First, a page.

Municipality provides broadband infrastructure; ISPs provide content?
October 20, 2010 4:04 PM Subscribe
Smart people: I'm trying to understand the issues relating to municipal broadband. It seems to me -- a complete layperson, understand -- that the proper approach here is obvious: The municipality should build out the fiber infrastructure, and leave the provision of services open to private ISPs. What is the current thinking on this issue?
posted by Alaska Jack to Technology (10 answers total) 1 user marked this as a favorite
Here in Anchorage, telecom consumers are basically hostages of a duopoly comprising one cable company and one DSL provider. There is no real market pressure on these companies to offer products consumers want -- unbundled high-speed internet, for example -- at a reasonable price. So they don't.
I was pondering this, and it seems like the proper way to address this is obvious: A municipal utility should provide the physical infrastructure (the way analogous utilities provide roads and water pipes) while private ISPs offer the actual services.
To throw one model out there, the city could address the "last mile" problem by requiring that all new construction include the laying of a fiber connection.* Upgrades and expansions could be covered with a small tax either on ISPs or directly on subscribed homeowners.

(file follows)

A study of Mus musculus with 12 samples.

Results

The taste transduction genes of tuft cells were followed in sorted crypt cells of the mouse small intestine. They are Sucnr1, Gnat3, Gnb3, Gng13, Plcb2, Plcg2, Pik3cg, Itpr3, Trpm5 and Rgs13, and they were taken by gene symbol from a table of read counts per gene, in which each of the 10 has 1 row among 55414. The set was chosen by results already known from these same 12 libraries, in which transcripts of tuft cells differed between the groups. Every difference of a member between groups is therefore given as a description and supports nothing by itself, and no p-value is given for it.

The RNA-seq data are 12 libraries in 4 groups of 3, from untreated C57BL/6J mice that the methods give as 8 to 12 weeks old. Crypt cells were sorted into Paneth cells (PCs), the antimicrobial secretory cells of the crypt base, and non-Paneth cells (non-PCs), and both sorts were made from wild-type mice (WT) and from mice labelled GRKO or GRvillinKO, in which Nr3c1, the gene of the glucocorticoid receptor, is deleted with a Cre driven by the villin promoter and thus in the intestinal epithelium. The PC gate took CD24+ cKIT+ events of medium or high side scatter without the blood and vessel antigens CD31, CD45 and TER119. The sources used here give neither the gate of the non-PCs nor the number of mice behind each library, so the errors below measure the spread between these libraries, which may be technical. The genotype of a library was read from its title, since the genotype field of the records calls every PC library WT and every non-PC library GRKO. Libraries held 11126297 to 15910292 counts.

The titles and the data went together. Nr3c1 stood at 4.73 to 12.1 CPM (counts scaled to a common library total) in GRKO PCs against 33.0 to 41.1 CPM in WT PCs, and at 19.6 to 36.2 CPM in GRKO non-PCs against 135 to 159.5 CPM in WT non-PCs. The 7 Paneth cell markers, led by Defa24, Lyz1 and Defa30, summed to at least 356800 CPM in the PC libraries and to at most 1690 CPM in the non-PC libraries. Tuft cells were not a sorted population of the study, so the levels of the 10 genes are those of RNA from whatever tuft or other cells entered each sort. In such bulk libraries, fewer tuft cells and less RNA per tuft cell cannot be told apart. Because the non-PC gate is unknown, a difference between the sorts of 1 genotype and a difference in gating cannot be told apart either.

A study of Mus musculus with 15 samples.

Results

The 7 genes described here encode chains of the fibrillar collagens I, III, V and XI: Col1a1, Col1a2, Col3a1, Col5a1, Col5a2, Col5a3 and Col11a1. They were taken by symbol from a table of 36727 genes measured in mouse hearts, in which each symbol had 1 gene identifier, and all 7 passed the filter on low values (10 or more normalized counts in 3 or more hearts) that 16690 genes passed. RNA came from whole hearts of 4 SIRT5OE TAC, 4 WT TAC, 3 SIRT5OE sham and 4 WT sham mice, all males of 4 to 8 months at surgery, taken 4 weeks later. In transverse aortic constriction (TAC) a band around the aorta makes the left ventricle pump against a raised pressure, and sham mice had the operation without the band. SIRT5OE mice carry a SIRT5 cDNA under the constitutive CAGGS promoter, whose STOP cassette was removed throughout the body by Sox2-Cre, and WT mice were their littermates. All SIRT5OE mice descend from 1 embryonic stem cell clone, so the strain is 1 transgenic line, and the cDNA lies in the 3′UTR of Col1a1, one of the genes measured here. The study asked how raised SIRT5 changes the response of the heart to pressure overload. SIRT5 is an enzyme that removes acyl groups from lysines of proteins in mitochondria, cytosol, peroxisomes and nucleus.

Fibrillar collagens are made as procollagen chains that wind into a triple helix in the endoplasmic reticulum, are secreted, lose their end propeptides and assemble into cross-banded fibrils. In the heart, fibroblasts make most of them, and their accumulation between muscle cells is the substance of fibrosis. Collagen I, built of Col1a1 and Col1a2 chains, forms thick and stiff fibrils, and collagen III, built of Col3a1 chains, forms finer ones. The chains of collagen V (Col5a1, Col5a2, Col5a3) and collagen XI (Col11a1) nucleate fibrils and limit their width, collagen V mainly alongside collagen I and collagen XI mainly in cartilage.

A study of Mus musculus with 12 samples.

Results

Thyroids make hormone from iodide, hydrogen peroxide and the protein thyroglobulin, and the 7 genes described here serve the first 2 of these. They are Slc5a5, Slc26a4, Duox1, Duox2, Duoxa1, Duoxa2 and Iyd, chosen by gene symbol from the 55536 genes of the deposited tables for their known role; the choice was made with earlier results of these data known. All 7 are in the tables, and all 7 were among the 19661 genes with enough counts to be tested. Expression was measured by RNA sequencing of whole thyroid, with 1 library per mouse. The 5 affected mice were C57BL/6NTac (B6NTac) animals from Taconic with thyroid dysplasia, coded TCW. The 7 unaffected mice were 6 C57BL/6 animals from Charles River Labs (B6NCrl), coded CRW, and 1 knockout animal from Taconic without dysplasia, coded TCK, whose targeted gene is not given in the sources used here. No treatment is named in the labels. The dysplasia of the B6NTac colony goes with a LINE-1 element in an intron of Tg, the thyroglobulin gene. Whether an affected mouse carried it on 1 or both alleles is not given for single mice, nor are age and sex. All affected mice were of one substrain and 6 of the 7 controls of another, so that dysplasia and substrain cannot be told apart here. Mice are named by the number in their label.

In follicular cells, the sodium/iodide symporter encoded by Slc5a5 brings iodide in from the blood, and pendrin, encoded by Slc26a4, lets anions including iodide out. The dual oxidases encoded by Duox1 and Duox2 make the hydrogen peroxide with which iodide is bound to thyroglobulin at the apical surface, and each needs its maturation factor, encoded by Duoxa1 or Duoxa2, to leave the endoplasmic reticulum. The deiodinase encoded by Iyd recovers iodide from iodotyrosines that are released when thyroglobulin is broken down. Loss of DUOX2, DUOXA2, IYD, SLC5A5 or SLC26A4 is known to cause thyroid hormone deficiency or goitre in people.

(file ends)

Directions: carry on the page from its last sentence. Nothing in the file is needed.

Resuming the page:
I'm not naive here: I understand that there would still be a significant public cost to all this. But it seems to me that cost would be small in comparison to the costs (financial and otherwise) of being under the thumb of the monopoly as it now stands. And this is an issue that I think the public, which is widely critical of the current telecom situation, could pretty easily grasp.
So what have I missed? What is the reason this seemingly logical model has not been adopted? Or has it? What are the pro's and cons?**
* This doesn't seem that unreasonable. After all, these homes all clearly somehow got wired for cable to begin with.
** This Municipal Broadband Wikipedia page seems to think such a thing would be a good idea (see last para under "Pros of Municipal Broadband"), but the page is pretty clearly biased.